Should the NFL get rid of divisional champions making the playoffs?
By: Ben Moss
Dec. 15, 2022
Photo Credit: Associated Press
As we head into Week 15 of the NFL’s regular season, the playoff picture is becoming the talk of the league. Which teams are going to make the playoffs, which teams are going to miss the playoffs, and which teams that deserve to be in the playoffs are going to miss it.
There are teams like the Philadelphia Eagles, who at 12-1 have already clinched a playoff berth and have proved to the league that they deserve to be there. There are also teams like the Detroit Lions who have gone on a hot streak in the second half of the season and are in the hunt for a Wild Card spot with a current record of 6-7.
Another 6-7 team, the Tampa Bay Buccaneers, have underperformed this season. The Bucs are currently the 4 seed in the NFC, and have a spot in the playoffs. Meanwhile, the Dallas Cowboys have a 10-3 record, but sit below the Buccaneers at the 5 seed in the NFC. How is this possible?
As of 2020, seven teams from both the NFC and AFC make the playoffs. The four teams who win their division get the 1-4 seeds in the playoffs, and seeding is determined by record. The three remaining spots in each conference go to the three best non-division winners, while the team with the conference’s best record gets a first round bye.
Based on these rules, a team who wins a weak division is guaranteed a playoff spot, which explains how the Buccaneers are ranked as the 4 seed in the NFC playoff picture. Despite their 6-7 record, they lead NFC South, as the Panthers, Falcons, and Saints have struggled all season. The Cowboys are currently the fifth seed because they are in second place in the NFC East behind the Eagles, the best team in the NFC.
Recent Examples of Regular Season Record Controversies
Two recent examples come to mind when examining regular season record controversies. The first occurred in 2008 when the New England Patriots finished 11-5 yet did not make the Playoffs. You could argue that a team that is 11-5 should be in the playoffs, but due to their play in conference games, they missed the playoffs. At that time, only 6 teams per conference made the playoffs. The Dolphins won the AFC East over the Patriots, and the other two wild card spots were taken by the 12-4 Colts and 11-5 Ravens. The odd one out? The San Diego Chargers, who won their division with an 8-8 record, leaving no room for the clearly superior Patriots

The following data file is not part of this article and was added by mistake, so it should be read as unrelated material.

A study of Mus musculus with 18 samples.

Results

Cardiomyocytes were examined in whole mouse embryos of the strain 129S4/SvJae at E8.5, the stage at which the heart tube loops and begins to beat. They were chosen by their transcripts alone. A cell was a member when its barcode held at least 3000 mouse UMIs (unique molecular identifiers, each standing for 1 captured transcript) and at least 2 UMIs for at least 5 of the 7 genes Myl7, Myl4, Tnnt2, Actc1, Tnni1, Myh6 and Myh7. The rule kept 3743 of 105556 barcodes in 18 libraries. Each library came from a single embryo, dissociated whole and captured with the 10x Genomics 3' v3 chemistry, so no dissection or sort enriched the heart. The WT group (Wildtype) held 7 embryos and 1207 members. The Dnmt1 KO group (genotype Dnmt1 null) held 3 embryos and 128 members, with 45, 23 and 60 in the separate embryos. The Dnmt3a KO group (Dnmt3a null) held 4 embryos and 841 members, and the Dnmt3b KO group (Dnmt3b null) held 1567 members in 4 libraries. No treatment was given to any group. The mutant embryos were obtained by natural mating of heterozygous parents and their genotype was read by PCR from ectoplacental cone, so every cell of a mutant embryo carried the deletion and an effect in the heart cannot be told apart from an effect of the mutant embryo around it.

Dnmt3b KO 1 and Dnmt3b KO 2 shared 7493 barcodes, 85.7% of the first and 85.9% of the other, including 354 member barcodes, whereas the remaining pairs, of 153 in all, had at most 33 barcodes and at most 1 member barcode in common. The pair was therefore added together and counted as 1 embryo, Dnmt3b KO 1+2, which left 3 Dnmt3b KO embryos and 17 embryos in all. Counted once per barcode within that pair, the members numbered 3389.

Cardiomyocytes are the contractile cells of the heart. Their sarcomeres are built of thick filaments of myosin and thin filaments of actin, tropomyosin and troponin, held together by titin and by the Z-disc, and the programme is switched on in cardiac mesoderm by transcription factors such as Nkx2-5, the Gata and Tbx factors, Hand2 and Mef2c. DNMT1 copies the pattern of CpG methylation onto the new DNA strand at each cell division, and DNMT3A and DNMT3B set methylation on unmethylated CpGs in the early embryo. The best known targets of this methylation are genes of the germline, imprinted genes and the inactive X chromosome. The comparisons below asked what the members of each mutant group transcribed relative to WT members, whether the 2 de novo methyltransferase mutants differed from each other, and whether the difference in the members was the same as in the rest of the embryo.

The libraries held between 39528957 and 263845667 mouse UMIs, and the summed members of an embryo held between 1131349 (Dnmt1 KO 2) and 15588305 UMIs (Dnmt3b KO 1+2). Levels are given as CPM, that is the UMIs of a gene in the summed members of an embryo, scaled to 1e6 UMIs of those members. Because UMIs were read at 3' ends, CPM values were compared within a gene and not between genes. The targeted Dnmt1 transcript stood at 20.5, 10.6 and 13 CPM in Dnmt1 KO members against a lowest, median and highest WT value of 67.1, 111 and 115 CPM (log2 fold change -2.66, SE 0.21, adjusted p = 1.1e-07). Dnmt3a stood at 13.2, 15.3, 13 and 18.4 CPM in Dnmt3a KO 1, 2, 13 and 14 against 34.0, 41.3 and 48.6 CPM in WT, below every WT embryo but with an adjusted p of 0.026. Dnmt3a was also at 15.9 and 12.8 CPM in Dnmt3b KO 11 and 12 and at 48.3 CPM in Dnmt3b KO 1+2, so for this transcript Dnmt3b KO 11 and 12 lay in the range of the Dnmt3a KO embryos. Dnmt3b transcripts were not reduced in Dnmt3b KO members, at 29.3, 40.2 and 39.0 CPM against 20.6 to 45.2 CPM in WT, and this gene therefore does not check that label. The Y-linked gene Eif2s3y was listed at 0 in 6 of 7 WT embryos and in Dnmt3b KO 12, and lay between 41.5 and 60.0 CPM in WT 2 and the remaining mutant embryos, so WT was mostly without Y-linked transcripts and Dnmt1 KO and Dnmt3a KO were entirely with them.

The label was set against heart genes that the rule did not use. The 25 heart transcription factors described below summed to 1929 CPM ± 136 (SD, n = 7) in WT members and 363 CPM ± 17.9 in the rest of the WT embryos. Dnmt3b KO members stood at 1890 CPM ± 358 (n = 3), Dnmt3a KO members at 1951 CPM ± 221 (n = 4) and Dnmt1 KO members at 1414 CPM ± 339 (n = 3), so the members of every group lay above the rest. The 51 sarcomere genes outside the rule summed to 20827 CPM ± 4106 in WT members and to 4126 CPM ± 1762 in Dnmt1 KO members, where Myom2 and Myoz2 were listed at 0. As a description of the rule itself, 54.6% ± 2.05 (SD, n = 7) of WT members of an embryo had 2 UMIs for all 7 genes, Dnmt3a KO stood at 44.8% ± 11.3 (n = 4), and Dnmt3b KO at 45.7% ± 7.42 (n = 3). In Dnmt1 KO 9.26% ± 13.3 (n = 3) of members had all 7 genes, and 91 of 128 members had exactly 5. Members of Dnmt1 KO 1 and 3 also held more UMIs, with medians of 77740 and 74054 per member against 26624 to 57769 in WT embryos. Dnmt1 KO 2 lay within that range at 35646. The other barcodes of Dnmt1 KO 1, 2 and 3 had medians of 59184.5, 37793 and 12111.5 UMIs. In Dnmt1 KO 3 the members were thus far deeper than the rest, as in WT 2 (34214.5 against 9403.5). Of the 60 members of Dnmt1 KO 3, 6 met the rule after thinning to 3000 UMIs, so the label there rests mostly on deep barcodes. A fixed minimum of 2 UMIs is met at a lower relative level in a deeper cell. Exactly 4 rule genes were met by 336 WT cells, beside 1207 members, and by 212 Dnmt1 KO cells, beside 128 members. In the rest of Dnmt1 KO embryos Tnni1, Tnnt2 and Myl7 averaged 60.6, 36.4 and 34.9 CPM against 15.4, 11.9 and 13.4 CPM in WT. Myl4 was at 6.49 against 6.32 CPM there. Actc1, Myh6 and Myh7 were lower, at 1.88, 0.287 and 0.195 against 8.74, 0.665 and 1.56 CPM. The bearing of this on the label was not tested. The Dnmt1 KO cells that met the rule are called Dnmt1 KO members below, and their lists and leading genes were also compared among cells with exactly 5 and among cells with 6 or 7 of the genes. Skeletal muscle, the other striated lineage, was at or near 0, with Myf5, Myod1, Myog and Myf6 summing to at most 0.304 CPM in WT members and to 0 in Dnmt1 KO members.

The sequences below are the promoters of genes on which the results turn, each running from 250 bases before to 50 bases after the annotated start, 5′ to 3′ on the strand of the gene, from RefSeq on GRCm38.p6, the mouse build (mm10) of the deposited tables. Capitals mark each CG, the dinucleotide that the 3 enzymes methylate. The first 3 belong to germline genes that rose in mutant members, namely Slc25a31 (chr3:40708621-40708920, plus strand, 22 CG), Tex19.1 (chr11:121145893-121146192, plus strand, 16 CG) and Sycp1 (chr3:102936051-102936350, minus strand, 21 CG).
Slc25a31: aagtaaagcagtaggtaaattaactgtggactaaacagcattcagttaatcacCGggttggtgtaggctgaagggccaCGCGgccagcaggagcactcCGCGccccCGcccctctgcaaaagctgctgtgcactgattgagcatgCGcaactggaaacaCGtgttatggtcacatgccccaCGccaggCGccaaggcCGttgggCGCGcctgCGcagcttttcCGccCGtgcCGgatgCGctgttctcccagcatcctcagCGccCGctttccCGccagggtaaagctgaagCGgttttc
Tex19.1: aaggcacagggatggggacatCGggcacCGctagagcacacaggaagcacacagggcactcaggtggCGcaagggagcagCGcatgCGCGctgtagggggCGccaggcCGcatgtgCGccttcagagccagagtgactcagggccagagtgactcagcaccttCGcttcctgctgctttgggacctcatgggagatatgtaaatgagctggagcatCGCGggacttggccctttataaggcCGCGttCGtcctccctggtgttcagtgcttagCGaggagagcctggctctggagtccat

In 2020, the then Washington Football Team won the NFC East with a 7-9 record. This was only the third time a team with a losing record won their division and made the playoffs. Washington ended up losing in the first round against Tom Brady and the Buccaneers who had an 11-5 record as the 5 seed.
So should the NFL change their playoff format? If so, what would that look like?
The playoffs are supposed to feature the best teams in the league, and a team with a losing record is simply not the best. Ultimately, losing record playoff teams were able to take advantage of a weak division, and sneak into the playoffs. So, should a team from every division make the playoffs? Especially one where all the teams have losing records?
In 2015, the NBA got rid of their divisions, and now base the playoff seedings solely on record. The top eight teams in each conference make the playoffs, with no automatic bids for division winners.
This is a format that the NFL could model. This would involve getting rid of divisions, and seeding teams solely based on their overall record. While this would solve the problem of having teams with losing records in the playoffs, it would also eliminate division rivalry games.
Some teams have historical rivalries based on these divisions, and these teams play each other twice a season. If there are no more division games, then it destroys a historical part of the league and ends huge rivalry games leading to divisional championships. On the other hand, the playoffs would be much more competitive as only the best of the best make it, and teams who don’t deserve to be there don’t qualify.
The NFL should think about what they want their playoffs to look like. They will have to decide whether they want to keep historic divisional rivalries while continuing to allow losing teams to make the playoffs, or see the league’s best teams competing for a Super Bowl each season.